The Best Laid Plans  

“Got no checkbooks, got no banks, still I’d like to express my thanks…

I got the sun in the morning and the moon at night….”

~Irving Berlin, “I got the sun in the morning,” 1946

 The sun in the morning, the moon at night and, if we’re lucky, some occasional rain. You don’t need a checkbook or a bank for these things but they are the most positive things we can have to grow a successful garden. The rest is all pure fun, good exercise and the end result of providing tasty and healthy food for your family table.

Choose a good location for your- lil’ acre- of land. One that has good drainage, and tillable soil. Be aware of where your sun falls in the morning and your moon at night and give your plants the benefit of the right exposure. Pick your vegetables with care. Tomatoes, peppers and most squashes like lots of sunlight but can’t withstand a heavy frost so place them where you can protect them from frost if you know it’s coming.

Your personal tastes count for the content of your garden. Plant the things you like to eat. If you don’t like onions or broccoli or turnips don’t grow them.  It’s your garden grow what you and your family like to eat. However, the climate and the quality of your soil will have the final word to say regarding the success of your labors. Not one or more of your children who hate spinach.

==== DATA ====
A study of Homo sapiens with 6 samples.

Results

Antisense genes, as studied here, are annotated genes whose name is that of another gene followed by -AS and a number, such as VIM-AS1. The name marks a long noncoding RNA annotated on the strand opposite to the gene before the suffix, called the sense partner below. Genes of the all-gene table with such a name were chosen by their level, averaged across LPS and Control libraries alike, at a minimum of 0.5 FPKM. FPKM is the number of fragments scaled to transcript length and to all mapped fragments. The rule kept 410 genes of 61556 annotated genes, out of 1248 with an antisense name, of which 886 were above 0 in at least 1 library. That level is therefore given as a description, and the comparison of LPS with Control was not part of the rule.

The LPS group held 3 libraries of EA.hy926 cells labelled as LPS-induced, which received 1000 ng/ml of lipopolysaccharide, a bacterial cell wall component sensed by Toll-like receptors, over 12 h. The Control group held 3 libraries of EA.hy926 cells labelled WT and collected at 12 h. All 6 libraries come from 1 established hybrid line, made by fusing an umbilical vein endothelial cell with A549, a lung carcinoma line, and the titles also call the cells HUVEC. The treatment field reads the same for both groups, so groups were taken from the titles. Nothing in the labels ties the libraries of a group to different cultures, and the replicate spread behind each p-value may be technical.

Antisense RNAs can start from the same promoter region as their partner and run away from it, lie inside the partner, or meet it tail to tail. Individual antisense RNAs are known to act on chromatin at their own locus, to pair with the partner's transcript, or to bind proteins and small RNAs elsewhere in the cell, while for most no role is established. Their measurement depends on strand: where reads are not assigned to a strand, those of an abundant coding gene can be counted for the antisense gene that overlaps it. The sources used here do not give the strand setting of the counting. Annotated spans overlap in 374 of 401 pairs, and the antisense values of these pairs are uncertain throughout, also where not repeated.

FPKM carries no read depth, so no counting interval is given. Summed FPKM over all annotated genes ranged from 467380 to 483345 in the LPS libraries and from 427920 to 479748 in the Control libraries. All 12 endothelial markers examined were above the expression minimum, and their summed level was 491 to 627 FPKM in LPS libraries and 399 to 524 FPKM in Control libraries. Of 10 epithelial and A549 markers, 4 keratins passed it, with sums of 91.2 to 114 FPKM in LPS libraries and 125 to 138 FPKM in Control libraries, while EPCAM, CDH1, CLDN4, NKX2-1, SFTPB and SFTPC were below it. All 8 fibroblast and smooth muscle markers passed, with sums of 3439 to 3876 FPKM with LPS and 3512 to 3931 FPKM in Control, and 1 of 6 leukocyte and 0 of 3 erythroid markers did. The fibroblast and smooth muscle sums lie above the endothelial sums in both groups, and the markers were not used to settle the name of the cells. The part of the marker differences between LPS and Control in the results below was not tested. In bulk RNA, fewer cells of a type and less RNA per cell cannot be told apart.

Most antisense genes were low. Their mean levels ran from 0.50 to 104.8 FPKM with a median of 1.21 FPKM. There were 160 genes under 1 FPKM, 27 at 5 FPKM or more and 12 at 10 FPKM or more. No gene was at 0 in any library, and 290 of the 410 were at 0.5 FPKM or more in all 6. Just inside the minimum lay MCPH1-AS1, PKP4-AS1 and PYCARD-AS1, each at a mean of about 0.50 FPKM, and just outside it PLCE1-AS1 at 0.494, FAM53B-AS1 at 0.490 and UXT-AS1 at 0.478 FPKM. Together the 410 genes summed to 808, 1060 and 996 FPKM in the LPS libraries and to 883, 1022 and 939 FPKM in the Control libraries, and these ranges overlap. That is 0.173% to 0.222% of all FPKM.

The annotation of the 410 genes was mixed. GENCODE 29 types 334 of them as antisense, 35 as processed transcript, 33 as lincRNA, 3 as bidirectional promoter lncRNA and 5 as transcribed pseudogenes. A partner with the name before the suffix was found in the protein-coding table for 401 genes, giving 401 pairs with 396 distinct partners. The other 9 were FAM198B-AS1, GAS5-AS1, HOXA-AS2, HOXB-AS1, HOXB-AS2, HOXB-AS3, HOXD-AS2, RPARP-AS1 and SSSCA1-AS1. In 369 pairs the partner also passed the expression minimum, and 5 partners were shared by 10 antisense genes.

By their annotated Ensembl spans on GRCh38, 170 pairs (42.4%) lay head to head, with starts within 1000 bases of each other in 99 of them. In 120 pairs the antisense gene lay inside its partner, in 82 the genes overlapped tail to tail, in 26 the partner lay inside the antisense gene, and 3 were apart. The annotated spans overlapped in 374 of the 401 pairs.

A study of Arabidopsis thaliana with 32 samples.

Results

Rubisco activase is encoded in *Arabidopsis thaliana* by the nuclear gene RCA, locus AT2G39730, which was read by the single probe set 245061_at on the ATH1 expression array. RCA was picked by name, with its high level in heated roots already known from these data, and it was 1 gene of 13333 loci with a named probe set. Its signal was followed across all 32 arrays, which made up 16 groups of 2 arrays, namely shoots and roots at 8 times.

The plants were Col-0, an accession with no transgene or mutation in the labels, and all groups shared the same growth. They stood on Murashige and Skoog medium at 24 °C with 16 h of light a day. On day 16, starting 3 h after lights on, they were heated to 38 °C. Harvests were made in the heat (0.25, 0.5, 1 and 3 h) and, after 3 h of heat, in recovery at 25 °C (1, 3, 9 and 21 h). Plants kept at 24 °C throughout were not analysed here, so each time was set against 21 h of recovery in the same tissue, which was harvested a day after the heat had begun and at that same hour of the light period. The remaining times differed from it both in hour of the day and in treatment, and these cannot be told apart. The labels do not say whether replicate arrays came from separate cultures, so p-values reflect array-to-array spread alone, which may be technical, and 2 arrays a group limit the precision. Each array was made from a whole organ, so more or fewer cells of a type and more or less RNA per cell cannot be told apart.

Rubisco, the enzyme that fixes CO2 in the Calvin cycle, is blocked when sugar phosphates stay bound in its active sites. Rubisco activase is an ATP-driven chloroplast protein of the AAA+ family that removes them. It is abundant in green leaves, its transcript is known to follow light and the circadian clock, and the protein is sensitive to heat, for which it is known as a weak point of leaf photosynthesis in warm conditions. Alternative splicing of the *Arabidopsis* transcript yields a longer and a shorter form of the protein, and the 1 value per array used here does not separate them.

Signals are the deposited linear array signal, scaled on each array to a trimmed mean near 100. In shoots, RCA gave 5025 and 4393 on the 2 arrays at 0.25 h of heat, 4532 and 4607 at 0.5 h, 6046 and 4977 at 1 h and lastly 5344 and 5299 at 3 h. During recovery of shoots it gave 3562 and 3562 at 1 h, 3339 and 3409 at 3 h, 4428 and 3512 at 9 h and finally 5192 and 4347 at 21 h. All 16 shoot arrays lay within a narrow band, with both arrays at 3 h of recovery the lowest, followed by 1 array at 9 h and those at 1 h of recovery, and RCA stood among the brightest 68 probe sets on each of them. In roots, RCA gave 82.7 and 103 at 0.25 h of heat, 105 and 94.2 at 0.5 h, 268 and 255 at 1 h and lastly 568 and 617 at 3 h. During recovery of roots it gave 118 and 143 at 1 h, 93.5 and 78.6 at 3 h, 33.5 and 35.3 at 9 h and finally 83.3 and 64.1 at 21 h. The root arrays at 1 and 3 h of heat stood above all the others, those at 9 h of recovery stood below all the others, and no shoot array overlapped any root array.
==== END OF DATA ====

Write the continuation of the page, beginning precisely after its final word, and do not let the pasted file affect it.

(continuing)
Another thing you may want to consider is whether or not to grow your garden using strictly organic methods or rely on modern aids using some safe herbicides. Heretofore, strict organic methods shunned the use of anything that was deemed un-natural, but nowadays most growers using these methods have become knowledgeable about modern science and now see the wisdom of merging natural compounds and processes in order to produce a safe ecological result.

Should you fertilize? Absolutely. But, make sure that you follow the directions very carefully. Do it before you plant and again while your plants are growing. Choose from a wide variety of fertilizers depending on the type of plants, the soil type and other biological factors. Too much fertilizer will burn the roots. Your plants can be killed by using the wrong type of fertilizer more often than using none at all.

Water your garden in moderation but not to excess. As I’ve stated above, drainage is important and species vary in the amount of water they need to grow to maturity. Soaker hoses that drip water down to the roots is one of the best methods. They help to keep the leaves dry and lessen the chance of burning and fungus growth. Whatever else you do, have fun and enjoy the fruits of your labor.